Speaking out

Marian Rollins, former teacher, gives her opinion on the school closure discussion during the public comment portion of the Rowan-Salisbury Board of Education meeting. Allison Lee Isley/Salisbury Post

Marian Rollins, former teacher, gives her opinion on the school closure discussion during the public comment portion of the Rowan-Salisbury Board of Education meeting. Allison Lee Isley/Salisbury Post

By Rebecca Rider

rebecca.rider@salisburypost.com

SALISBURY — School supporters pleaded with the Rowan-Salisbury Board of Education for nearly 45 minutes at Monday’s business meeting to reject a proposal that would shutter four area elementary schools.

The proposal, which was submitted by SfL+a architects would call for the closure of Morgan, Faith, Enochville and Mount Ulla in addition to the already slated Cleveland and Woodleaf elementaries. But supporters of community schools say that closing the smaller facilities would be a bad idea.

“If you close our school, you close our community,” Brooks Overcash, a 9-year-old student at Enochville Elementary, told the school board.

Overcash was the second speaker during the public comment section of the board’s April business meeting, held in the Wallace Educational Forum. While only 14 individuals spoke, fitting research on class size and passionate pleas into the three-minute time limit, the board room was packed with parents and community members who clapped and cheered as each speaker left the stand.

“Children enjoy riding tractors, firetrucks and trains – not school buses,” Michael Roseman said about the bus rides.

Others said that money, or keeping schools at full capacity, is not always in the best interests of students.

“Numbers don’t always make the best decisions,” Doug Cline said.

Cline pointed out that people change jobs, uproot their families and buy houses to ensure that their children attend small, well-performing schools. Faith Elementary has the highest reading scores in the district, and Mount Ulla has the highest math scores.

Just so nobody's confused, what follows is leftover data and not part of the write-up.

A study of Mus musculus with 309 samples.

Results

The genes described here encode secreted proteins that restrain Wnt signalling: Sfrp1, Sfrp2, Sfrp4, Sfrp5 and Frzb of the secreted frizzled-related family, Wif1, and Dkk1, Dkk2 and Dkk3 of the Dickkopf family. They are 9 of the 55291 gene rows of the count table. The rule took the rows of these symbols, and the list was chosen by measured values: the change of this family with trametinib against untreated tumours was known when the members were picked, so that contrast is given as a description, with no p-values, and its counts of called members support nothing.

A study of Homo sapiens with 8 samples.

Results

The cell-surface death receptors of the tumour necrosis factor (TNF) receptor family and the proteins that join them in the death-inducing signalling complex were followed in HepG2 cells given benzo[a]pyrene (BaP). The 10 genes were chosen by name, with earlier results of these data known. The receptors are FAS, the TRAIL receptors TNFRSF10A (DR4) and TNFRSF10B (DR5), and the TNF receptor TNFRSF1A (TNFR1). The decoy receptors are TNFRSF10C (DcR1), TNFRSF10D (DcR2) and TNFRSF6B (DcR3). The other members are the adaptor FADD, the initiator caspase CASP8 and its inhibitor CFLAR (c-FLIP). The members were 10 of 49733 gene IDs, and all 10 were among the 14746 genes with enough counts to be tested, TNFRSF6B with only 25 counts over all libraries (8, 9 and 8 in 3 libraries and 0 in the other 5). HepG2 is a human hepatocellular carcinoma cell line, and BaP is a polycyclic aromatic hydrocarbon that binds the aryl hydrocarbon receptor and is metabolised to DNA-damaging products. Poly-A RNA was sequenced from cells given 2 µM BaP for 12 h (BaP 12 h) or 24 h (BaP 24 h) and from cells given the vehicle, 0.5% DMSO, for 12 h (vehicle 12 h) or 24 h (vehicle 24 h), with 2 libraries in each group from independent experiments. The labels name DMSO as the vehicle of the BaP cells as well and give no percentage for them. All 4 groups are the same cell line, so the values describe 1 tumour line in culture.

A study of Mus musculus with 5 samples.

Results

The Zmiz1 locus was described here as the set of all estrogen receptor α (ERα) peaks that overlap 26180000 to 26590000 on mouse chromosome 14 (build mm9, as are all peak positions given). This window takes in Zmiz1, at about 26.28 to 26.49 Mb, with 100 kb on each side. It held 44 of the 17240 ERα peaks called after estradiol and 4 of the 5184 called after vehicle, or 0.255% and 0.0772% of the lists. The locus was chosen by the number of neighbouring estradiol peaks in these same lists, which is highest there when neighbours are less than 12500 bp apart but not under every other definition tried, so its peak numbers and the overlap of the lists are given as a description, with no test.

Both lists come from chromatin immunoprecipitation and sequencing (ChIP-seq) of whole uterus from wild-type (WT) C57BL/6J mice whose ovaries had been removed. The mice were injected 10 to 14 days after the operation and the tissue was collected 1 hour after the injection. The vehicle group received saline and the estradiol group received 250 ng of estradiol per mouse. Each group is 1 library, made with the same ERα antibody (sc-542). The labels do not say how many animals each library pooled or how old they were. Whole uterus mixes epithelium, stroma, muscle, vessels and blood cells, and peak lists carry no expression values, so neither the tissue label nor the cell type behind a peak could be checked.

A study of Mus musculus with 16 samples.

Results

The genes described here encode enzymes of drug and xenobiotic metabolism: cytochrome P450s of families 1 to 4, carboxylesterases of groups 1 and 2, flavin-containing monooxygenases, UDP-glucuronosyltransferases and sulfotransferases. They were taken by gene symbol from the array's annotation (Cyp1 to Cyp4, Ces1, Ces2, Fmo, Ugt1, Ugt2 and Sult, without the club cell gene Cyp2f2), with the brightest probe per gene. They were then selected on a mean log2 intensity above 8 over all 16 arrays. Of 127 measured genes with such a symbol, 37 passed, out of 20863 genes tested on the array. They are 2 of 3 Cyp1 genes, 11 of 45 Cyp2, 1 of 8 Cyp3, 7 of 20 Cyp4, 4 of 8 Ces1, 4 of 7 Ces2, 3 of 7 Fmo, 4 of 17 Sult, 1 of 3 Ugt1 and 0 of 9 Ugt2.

“Y’all were voted in to represent the community’s opinion, not override the community’s thoughts with your own,” Cline said.

Mike Lyerly, a parent at Morgan Elementary, said that schools are the life of a community.

“Morgan’s community is like the roots and stem of a flower, and Morgan elementary is the blossom,” he said.

He also criticized the board’s reasoning that closing schools would save money on operating costs, saying that holding a meeting on school closures in a new $9 million building was a “big slap in the taxpayers’ face.”

Closing the predominately rural schools would cause property value to plummet and would create “dead pockets” in the county, he said.

Andrew Poston, former candidate for the NC House 77th District, agreed.

“We’re trying to grow this county, and shuttering schools would only shrink it,” he said.

While he was speaking, Poston announced his intent to run for the Southeastern Board of Education seat, currently occupied by Susan Cox. Cox is up for re-election this fall. Poston said he had withdrawn from the political action committee Rowan Rural Save Our Schools and changed his address in order to run against Cox.

Poston was elected as the committee’s vice president on April 14.

Another speaker, Michael Julian, also announced his intent to run in the fall election for the board’s eastern district – a seat currently occupied by board Chairman Josh Wagner.

Todd Paris, former candidate for Salisbury City Council and president of Rowan Rural Save Our Schools, encouraged the board to vote to drop the scenario and tell the community what they really hoped to gain. If the request was reasonable, he said, the community would listen.

The board made no decisions Monday, but agreed to look into dates for another retreat to discuss the proposal and look at other options. Wagner clarified that no decisions had been made about closures, and said the board had hoped to start a conversation.

“We did that, obviously,” he said.

Wagner invited everyone who spoke to keep coming to meetings and to provide input, ideas and alternatives. It’s the start of a long discussion, he said – nothing will be done immediately.

“There is a discussion to be had. At some point, things have to change, things have to evolve. That may be 30 or 40 years from now, but if that’s the case, let’s start planning for that,” he said

The board will begin holding community meetings across the county to discuss the issue and hear feedback. The first meeting will be at Thursday at 6:30 p.m. at West Rowan High School to discuss the merging of Cleveland and Woofleaf. Wagner clarified that no county-wide consolidation discussion will occur at this meeting.

Contact Rebecca Rider at 704-797-4264.